Beaton pushes hydroelectricity and gas

Differs with attorney general on need for pipeline

THE BAKER ADMINISTRATION made clear on Tuesday that its ideal combo platter for energy has two main dishes – hydroelectricity from Canada and a new natural gas pipeline.

Matthew Beaton, the governor’s secretary of energy and environmental affairs, said both options are needed to rein in electricity costs, achieve greenhouse gas reduction targets, and maintain the reliability of the region’s power grid.

For months, the Baker administration’s primary energy focus has been the importation of Canadian hydroelectricity, enough to at least cover a fifth of the state’s power needs. Indeed, administration officials have often tried to win allies among opponents of new natural gas pipelines by saying support for hydroelectricity would reduce the need for new pipelines.

But with the massive Kinder Morgan pipeline proposal now on the ropes, Beaton told four state senators on Tuesday that new natural gas pipeline infrastructure is a Baker priority. “We are in desperate need of more natural gas capacity,” Beaton said. “We can’t rely on the pipes we have presently.”

Beaton said additional natural gas pipeline capacity will ease supply shortages during peak winter demand periods, reduce electricity price spikes, and curb greenhouse gas emissions by eliminating the need for power plants to burn oil when gas is in short supply.

Sen. Marc Pacheco of Taunton said he was under the impression the administration favored hydroelectricity imports because they would make new natural gas pipelines unnecessary. Beaton said that wasn’t the case. He said hydroelectricity imports mean “less reliance on natural gas, not no natural gas.”

Secretary Mathew Beaton testifies before (l to r) Sens. Michael Barrett, Marc Pacheco, Jamie Eldridge, and Ben Downing.

Secretary Matthew Beaton testifies before (l to r) Sens. Michael Barrett, Marc Pacheco, Jamie Eldridge, and Ben Downing.

Pacheco and his colleagues Michael Barrett of Lexington, Ben Downing of Pittsfield, and Jamie Eldridge of Acton serve on the Senate’s Committee on Global Warming and Climate Change. They are all opposed to or wary of expanding the region’s gas pipeline infrastructure.  They pointed to a study conducted for Attorney General Maura Healey that said additional gas pipelines were unnecessary.

The study found that the region’s power system would remain reliable through 2030 even with no action being taken by policymakers. Under a worst-case scenario, where weather is much colder than expected and the supply of some fuels is disrupted, the study found there could be some modest power shortages for 26 hours over nine very cold days in 2029 and 2030.

The attorney general’s study examined a number of options to address the worst-case scenario, including building new gas pipelines. The study concluded the best approach for ratepayers and the environment was investing in energy efficiency and programs that require customers to reduce usage of electricity during peak-demand periods.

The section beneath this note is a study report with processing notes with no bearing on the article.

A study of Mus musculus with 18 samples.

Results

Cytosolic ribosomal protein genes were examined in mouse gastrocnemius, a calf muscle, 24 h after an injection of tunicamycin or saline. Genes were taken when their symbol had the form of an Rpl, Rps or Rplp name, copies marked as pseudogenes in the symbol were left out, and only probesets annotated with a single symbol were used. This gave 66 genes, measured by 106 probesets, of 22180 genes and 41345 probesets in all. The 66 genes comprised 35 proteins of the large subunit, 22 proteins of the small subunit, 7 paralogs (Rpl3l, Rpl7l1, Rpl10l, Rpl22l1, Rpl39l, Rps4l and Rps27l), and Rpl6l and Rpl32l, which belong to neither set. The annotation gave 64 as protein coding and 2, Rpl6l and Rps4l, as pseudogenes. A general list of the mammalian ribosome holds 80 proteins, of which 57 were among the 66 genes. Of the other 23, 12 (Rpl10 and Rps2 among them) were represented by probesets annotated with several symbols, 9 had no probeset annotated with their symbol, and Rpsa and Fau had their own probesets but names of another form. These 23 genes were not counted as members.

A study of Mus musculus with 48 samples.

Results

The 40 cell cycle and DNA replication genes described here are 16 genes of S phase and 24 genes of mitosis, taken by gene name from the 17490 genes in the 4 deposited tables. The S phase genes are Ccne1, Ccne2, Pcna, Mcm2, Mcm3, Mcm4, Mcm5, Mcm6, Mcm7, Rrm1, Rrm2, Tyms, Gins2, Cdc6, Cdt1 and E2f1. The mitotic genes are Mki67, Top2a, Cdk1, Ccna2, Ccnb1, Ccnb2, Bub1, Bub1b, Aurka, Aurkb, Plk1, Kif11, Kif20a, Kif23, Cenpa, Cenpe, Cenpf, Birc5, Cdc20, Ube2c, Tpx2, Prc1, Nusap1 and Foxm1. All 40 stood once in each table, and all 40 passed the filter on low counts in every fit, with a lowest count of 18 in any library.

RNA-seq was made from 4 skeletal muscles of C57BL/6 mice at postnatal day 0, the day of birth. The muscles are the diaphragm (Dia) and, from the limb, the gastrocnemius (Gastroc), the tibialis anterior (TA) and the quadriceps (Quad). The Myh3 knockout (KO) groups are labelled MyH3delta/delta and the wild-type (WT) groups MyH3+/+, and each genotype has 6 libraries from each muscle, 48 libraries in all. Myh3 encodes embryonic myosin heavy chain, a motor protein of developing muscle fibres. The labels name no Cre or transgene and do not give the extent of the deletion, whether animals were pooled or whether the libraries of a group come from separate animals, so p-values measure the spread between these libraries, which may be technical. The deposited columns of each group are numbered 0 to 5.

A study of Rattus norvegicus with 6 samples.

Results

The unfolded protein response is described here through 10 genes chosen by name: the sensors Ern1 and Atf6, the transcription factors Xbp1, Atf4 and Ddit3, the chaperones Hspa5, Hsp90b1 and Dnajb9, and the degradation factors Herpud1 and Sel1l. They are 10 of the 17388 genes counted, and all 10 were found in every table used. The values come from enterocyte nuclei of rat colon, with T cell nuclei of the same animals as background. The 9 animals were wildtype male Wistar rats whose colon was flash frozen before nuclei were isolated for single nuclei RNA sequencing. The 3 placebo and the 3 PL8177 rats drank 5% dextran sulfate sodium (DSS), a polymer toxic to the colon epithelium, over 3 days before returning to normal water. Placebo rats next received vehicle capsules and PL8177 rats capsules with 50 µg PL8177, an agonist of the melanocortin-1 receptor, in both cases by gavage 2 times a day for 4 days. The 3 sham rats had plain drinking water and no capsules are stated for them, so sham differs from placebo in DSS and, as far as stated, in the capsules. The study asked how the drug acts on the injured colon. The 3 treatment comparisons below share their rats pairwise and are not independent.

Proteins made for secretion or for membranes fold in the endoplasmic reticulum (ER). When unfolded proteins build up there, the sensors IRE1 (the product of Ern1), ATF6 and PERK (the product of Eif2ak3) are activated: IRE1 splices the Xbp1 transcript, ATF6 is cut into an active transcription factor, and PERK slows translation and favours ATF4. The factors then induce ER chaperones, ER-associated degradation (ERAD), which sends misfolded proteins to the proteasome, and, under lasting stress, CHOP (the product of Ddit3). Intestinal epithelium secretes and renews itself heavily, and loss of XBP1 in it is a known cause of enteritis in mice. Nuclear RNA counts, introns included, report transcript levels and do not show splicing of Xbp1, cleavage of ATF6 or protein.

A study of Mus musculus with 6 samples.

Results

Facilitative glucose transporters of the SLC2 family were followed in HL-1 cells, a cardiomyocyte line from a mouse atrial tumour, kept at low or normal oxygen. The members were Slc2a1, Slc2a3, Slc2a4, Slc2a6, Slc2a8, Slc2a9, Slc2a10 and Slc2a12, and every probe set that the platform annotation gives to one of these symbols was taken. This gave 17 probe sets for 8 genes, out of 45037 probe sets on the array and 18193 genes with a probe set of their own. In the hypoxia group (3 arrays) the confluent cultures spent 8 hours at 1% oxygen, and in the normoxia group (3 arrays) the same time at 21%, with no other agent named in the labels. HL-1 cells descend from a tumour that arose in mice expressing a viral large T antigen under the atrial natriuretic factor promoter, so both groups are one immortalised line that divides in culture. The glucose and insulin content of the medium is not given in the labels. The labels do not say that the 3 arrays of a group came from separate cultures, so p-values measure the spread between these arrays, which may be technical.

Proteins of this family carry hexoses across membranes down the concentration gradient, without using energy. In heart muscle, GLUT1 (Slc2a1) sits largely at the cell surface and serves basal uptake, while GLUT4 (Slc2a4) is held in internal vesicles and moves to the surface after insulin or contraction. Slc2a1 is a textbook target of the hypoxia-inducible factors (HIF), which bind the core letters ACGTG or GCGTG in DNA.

Bruce Mohl is the editor of CommonWealth magazine. Bruce came to CommonWealth from the Boston Globe, where he spent nearly 30 years in a wide variety of positions covering business and politics. He covered the Massachusetts State House and served as the Globe’s State House bureau chief in the late 1980s. He also reported for the Globe’s Spotlight Team, winning a Loeb award in 1992 for coverage of conflicts of interest in the state’s pension system. He served as the Globe’s political editor in 1994 and went on to cover consumer issues for the newspaper. At CommonWealth, Bruce helped launch the magazine’s website and has written about a wide range of issues with a special focus on politics, tax policy, energy, and gambling. Bruce is a graduate of Ohio Wesleyan University and the Fletcher School of Law and Diplomacy at Tufts University. He lives in Dorchester.

About Bruce Mohl

Bruce Mohl is the editor of CommonWealth magazine. Bruce came to CommonWealth from the Boston Globe, where he spent nearly 30 years in a wide variety of positions covering business and politics. He covered the Massachusetts State House and served as the Globe’s State House bureau chief in the late 1980s. He also reported for the Globe’s Spotlight Team, winning a Loeb award in 1992 for coverage of conflicts of interest in the state’s pension system. He served as the Globe’s political editor in 1994 and went on to cover consumer issues for the newspaper. At CommonWealth, Bruce helped launch the magazine’s website and has written about a wide range of issues with a special focus on politics, tax policy, energy, and gambling. Bruce is a graduate of Ohio Wesleyan University and the Fletcher School of Law and Diplomacy at Tufts University. He lives in Dorchester.

Beaton said the attorney general’s study relied on a number of assumptions – including ambitious targets for energy efficiency efforts – that are unrealistic. He noted Massachusetts is already the US leader among states in energy efficiency.

But Rebecca Tepper, deputy chief of Healey’s energy and environment bureau, told the senators the projections are not unrealistic when compared to what countries in Europe are doing. “We’re behind all of Europe,” she said. “We get it that we’re all working really hard on energy efficiency, but what would it look like if we double down?”

Tepper was also critical of efforts to make the customers of electric utilities pay for a new natural gas pipeline. Both Eversource and National Grid are seeking Baker administration approval to charge their electricity customers to help finance the Access Northeast natural gas pipeline, which would be built by Spectra Energy of Houston and the two utilities. The legality of such a financing arrangement goes before the state Supreme Judicial Court this week.